What are bonus densities and why are they important?
All zoning districts have what is called a base density. This is a number that allows a certain amount of “units” per acre, meaning a certain amount of dwelling units allowed per acre. For dwellings like townhouses, condos, apartment buildings, and smaller homes with smaller lots, it is important to have a higher amount of units per acre available in order to accommodate a practical and successful project. Usual base densities in the town of Mt. Pleasant range between 16 and 20 units per acre. Bonus densities allow a project to increase the units per acre in accordance with demand and growth in a given area. Currently, bonus densities are granted in exchange for open space, workforce housing, aggregation of properties, and eliminating curb cuts onto certain side streets. It is important to keep bonus densities available for developers in order to maintain these positive effects of development. Simply removing bonus densities altogether and only having a maximum amount of units per acre available would result in projects that deprive the community of what it wants: open space, workforce housing, and eliminating curb cuts onto side streets.
What’s the current status of the proposed ordinance and where does the Chamber stand on the issue?
The Planning Commission has heard opinions from the public from both sides of the issue—those that support bonus densities and those that support the current proposed ordinance. The Planning Commission has been working diligently to draft a recommendation to give to Mt. Pleasant Town Council. At the meeting on May 20th, Planning Commission Chair Roy Neal suggested that instead of either eliminating bonus densities entirely or allowing bonus densities to continue without a specific amount restriction, caps should be placed on bonus densities by area.
While we support the proposed caps in the Johnnie Dodds and Longpoint areas, the Chamber does not support the proposed caps in the Coleman Urban Corridor or the Chuck Dawley Urban Corridor. The current base densities for mixed use projects in those areas are 20 units per acre, and the proposed cap is 20 units per acre. What this means is that there is now no incentive for developers to provide more open space, workforce housing, eliminate curb cuts, or aggregate properties in those areas because there will be no bonus densities available above 20 units per acre.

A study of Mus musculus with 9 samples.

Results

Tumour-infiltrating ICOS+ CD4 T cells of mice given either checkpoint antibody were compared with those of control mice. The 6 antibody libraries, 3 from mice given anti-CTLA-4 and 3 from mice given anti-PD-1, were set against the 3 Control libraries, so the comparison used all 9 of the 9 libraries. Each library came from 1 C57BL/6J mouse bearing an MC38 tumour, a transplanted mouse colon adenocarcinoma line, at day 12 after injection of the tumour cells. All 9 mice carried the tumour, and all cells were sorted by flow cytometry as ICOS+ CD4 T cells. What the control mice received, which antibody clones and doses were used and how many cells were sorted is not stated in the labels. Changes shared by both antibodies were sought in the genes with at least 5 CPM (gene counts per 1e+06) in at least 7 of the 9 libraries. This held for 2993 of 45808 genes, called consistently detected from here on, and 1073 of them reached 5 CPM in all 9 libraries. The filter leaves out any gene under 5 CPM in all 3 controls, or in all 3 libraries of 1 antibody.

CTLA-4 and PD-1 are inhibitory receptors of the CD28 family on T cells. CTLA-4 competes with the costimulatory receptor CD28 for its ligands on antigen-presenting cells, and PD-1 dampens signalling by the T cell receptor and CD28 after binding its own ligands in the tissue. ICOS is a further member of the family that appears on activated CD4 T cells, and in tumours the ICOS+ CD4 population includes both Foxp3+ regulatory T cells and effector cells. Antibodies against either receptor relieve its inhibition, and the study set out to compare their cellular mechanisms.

Who would benefit from appropriate caps being placed on bonus densities?
In short: everyone wins. Placing appropriate caps on bonus densities prevents large, out-of-control projects that are too much for the town to accommodate, while still allowing developers to achieve and create the types of projects that the town of Mt. Pleasant desires. Projects that are larger than what the base densities allow are important for the town of Mt. Pleasant because we are growing at a rapid rate, and we want people to be able to work and live in Mt. Pleasant. Having the ability to build projects with higher amounts of units per acre increases the amount of multi-family units and smaller single-family units in our area. This gives people more options for places to live, increases the supply of these types of homes, which ultimately will lower the cost of homes in Mt. Pleasant.
Why is the Chamber involved in this issue?
The Chamber is committed to maintaining a flourishing economic environment in the Charleston region. Attracting young professionals is crucial to economic development in Mt. Pleasant, and without larger densities available, young professionals will have a difficult time finding places to live in our area and will subsequently move elsewhere. With the population in the Charleston region continuing to climb, it is time to take a different approach to growth than what has been taken in the past: we need to be denser instead of continuing to sprawl. We ask that you join us in our support of creating appropriate capped bonus densities that are low enough to prevent overcrowding but high enough to maintain economic growth in the Mt. Pleasant community.